December 18, 2018
By Will Robinson – Reporter, Jacksonville Business Journal
The Jacksonville Aviation Authority had a record year, helped by four carriers announcing a total of 16 new nonstop routes. Frontier, Allegiant (Nasdaq: ALGT), Spirit (Nasdaq: SAVE) and Southwest (NYSE: LUV) all added routes from Jacksonville International Airport in 2018.
New destinations include Dallas, Las Vegas, Denver and more, but the aviation authority has its sights set on new routes to the West Coast, Caribbean and even across the Atlantic. JAA Marketing Program Manager Greg Willis and JAA Marketing Director Barbara Halverstadt discussed JIA's growing destinations with the Business Journal.
How was JIA able to add so many routes this year?
Willis: Some of it was years of airline meetings coming to fruition. We've been talking with Spirit for four or five years, trying to get [Spirit] to come here with some routes. We fit into the fleet strategy of the airlines, so we benefited from that airline growth.
Halverstadt: With Allegiant, it took about four years with them... That opened up a door I think with Frontier, once they saw Allegiant's success. Now it's Spirit starting.
How optimistic are you about adding routes next year?
Halverstadt: Spirit already announced two starting in February — Baltimore and Ft. Lauderdale. Southwest is going to make its Dallas Love Field — which currently is only a weekend route — in January, it will be a daily route. So we're already starting to see [new routes] trickle in.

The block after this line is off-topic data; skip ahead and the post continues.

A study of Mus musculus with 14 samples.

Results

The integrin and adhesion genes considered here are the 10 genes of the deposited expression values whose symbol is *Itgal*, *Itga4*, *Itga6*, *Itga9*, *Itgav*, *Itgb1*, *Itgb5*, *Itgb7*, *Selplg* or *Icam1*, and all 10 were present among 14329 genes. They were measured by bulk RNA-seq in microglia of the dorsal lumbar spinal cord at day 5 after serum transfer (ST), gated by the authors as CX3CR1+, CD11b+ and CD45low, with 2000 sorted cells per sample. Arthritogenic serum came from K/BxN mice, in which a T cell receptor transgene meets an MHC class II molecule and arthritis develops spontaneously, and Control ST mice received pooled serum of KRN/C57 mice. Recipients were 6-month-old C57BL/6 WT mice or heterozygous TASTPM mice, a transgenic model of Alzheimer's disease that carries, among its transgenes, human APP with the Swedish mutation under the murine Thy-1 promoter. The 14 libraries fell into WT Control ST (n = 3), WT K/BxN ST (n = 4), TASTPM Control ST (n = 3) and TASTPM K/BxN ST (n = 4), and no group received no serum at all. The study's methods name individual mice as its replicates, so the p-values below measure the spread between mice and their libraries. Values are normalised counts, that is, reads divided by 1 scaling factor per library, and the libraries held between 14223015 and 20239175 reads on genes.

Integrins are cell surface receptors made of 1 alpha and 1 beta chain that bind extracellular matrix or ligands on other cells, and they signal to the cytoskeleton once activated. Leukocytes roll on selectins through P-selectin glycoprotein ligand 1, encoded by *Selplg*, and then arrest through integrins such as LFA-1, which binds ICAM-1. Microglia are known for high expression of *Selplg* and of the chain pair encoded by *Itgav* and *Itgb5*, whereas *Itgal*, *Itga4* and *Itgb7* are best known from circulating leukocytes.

What destinations are top of your wish list to add from JIA?
Halverstadt: West Coast of course, that's a really important one for us. We're talking to any carrier that will listen. Our research shows that the Los Angeles basin is the top unserved market from Jacksonville on a nonstop basis, and we are tied for second as their most unserved market, behind LaGuardia which is of course gate-constrained... We're trying to get someone to jump on that one. It's tough.
Willis: We know what the total market size looks like. What we don't know necessarily are what businesses in Northeast Florida either fly multiple times to Los Angeles during the year or drive to Orlando and fly... If we know that there are companies taking 200 trips a year to LA, that's helpful for us when we're pitching to the airlines. What we're trying to pin down is who are the corporations that need that service.
Halverstadt: And it's not just Los Angeles. San Francisco is the second largest, San Diego is not far behind that. Phoenix is also very close. Those are all markets that we're trying to get service.
In terms of international, that's a little tougher. Of course San Juan has been where we've had the most volume in the past, but trans-Atlantic, that's a really tough one. I know there's a lot of connections with London, of course, and Frankfurt. It's a tough market when we don't really have a high number of daily or weekly passengers going to either of those, and those are the top two from Jacksonville. As the new aircraft come online, the [Boeing 787] Dreamliner and some of those, that could change that picture a little bit, but right now, we're a little bit out of range for a narrow body plane.
Have the added routes and this year's record passenger count accelerated plans to add infrastructure like parking?
Willis: We're taking a long, hard look at everything. It's a discussion that's being had internally. The first step is a master plan update and we're going through that process currently.
This interview was lightly edited for clarity and brevity.